Project management experts discuss the soft skills one needs to manage projects and project teams successfully.
To be a good project manager, you need a certain amount of technical know-how, especially in IT. You also need a variety of non-technical abilities that can help you navigate the challenges inherent in project management, from scope creep and delays to conflicts among team members.
Here are seven soft skills every project manager needs
“With every successful project comes a project manager who listens,” says Jelissa Brooks, project manager, Creative Juice, a graphic design & Web design agency. “Listening is the key to learning and engaging with both your clients and your team. Listening allows you to ask the right questions to get to know your client and clients' needs, which is crucial when developing a scope and plan that helps deliver a product that meets client expectations with minimal project revision.”
To be a good project manager, “you have to be organized,” says Jose Tijam, senior project manager, Health Net/Centene. “There are a lot of moving parts in projects, and that's why organizations need project managers. Keeping track of a multitude of tasks, issues, decisions, action items and milestones, while ensuring resources remain accountable, is a skill good project managers must have.”
“A top skill project managers must possess is organization,” says John J. Glick, owner, Glick Brothers Roofing. “When you have a large amount of projects going on at one time, it is important to keep information about the project accurate and up to date. As the project manager, it is your job to make sure everything runs smoothly,” he explains. “Having all of the projects details laid out correctly allows the rest of your team to get the project done in a timely manner and as promised. Not only will your clients be happy with the results, but your company and its services will receive a positive reputation in return.”
“Project managers need to be proactive,” says Rosie Brown, creative project manager, Sterling Communications. “This word is thrown around a lot in management books and performance reviews, but this is an essential skill for those in charge of leading and organizing account teams, programs, and everything in between."
“There’s nothing more dangerous to a project’s well-being than a project manager who has become complacent,” she states. “Project managers with initiative don’t wait to be asked for schedules, budget breakdowns or status updates. Instead, they light the way for their teams and are always prepared to tell them what’s ahead.”
“The detail orientation that drives your spouse/significant other crazy will make you tremendously successful as a project manager,” says Charles Studt, vice president of marketing for Redbooth, a project management and collaboration platform. “Your ability to let no detail too small fall through the cracks while understanding how they all fit together is what keeps the project on track. But conversely, don’t let the details overwhelm you so that you lose sight of the big picture business outcomes your project is intended to produce.”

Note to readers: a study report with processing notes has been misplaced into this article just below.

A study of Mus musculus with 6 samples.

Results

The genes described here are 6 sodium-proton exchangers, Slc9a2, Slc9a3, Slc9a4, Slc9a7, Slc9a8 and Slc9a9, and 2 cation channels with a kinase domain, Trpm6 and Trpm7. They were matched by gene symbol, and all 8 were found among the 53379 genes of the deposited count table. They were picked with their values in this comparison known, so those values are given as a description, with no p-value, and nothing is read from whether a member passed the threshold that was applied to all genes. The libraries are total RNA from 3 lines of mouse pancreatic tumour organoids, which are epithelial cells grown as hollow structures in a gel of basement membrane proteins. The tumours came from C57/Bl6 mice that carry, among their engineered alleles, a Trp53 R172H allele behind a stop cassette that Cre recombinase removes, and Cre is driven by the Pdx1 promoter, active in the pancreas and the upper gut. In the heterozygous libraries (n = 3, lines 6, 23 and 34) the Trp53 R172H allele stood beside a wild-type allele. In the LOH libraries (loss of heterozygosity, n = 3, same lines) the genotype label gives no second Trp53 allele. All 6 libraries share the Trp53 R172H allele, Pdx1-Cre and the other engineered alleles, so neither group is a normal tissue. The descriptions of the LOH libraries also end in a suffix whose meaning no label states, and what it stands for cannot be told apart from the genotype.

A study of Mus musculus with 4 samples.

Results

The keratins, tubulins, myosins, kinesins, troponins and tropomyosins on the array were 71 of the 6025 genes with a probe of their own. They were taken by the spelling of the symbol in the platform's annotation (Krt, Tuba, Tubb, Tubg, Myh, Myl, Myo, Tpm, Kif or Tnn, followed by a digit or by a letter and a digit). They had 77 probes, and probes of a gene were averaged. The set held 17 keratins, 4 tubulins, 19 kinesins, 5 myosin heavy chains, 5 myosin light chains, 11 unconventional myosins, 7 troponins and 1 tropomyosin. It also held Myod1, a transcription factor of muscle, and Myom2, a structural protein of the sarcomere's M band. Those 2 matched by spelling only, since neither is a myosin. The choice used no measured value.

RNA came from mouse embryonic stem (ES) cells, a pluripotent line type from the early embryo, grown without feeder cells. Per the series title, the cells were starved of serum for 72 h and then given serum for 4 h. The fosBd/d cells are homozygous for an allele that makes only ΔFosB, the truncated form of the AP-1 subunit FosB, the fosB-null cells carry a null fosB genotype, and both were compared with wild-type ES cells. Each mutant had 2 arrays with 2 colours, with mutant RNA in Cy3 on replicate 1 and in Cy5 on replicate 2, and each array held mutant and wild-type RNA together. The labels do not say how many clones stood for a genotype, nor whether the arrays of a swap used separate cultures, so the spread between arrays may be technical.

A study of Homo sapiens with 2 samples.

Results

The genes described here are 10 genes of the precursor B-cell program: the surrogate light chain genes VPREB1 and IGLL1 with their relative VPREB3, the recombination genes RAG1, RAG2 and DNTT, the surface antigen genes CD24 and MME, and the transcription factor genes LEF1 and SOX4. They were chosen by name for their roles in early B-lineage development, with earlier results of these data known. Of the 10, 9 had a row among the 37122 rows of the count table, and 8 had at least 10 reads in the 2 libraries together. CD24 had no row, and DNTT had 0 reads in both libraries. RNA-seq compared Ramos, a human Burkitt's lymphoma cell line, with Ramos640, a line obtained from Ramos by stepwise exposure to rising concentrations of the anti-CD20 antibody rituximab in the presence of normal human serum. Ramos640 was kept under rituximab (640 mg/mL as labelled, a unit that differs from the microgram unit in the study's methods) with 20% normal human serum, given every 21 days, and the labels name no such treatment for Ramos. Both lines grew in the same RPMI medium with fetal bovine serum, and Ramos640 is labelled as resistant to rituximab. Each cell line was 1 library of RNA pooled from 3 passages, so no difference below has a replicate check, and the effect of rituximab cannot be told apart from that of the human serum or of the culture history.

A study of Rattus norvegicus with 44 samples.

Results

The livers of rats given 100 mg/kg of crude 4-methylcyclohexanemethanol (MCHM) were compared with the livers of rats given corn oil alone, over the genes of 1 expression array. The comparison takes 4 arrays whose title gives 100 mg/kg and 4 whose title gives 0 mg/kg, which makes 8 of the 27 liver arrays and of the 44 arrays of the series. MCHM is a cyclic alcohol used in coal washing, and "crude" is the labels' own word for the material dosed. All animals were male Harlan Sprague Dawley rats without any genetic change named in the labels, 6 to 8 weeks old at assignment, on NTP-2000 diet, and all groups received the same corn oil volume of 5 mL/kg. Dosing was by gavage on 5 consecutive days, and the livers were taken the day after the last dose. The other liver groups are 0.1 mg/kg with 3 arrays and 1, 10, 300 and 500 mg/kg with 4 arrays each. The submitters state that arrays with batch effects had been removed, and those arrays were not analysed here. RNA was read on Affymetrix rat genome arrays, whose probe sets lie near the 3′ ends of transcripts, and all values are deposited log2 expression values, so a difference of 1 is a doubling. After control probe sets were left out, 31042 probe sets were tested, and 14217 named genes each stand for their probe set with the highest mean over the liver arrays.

5. Communicates effectively.
“It would be difficult to cite anything other than communications skills as the most important to have in a good project manager,” says Tijam. “Most projects are complex, and the ability to communicate with different audiences and team members is imperative to any project’s success.”
“A project manager’s primary role is as a communicator. No skill is more important,” says Ted Carlson, program manager. “Clear, consistent communication is essential for project success. Artful project managers make it a priority to understand their various project members and stakeholders, and they tailor communication style and channel to best fit and reach those audiences – and keep everyone informed.”
Good project managers know, “you cannot do everything yourself,” says Ginny Woolridge, PMP, ArcherPoint, which specializes in business solutions built on Microsoft Dynamics NAV. You have to “delegate work to others… and know your teams’ strengths, as well as their current workloads, in order to delegate properly.”
6. Anticipates problems.
“As a PM, you always need to anticipate what could go wrong, what your clients needs, or what your team is going to be taking on next,” says Rachel Bogan, director of product management, Work & Co. “If you don't [think several moves ahead and] have a little bit of fear that you may miss something, you probably will.”
“The best project managers are three steps and three days into the future and anticipate things that may go wrong and how to change paths to avoid risks, or at least divert as much as it is within their power to do so,” says Woolridge.
Good project managers “are proactive problem solvers who anticipate project changes, communicate concerns, adjust their course and keep the project on the rails,” says Carlson. “When timeline or budget or feature changes inevitably occur, projects managers who panic will turn ripples into tidal waves. Skillful project managers adjust their plans, offer options and plot a new course to success.”
7. Flexibility – and keeping calm under pressure.
“Maintaining flexibility is also important,” says Tijam. “Projects can get derailed. Successful project managers know how to adapt… and rein in the project.”
“Scope changes, feedback isn’t always as positive as you’d like, and sometimes you just have to go back to the drawing board,” says Pete Shelly, lead project manager, Huemor, a design and marketing agency. “No matter how much planning we do, a little chaos is inevitable in a high-pressure industry with tight deadlines and astronomical client expectations. Being able to roll with the punches – and maintain your composure – helps your team feel more at ease so they can do their best work.”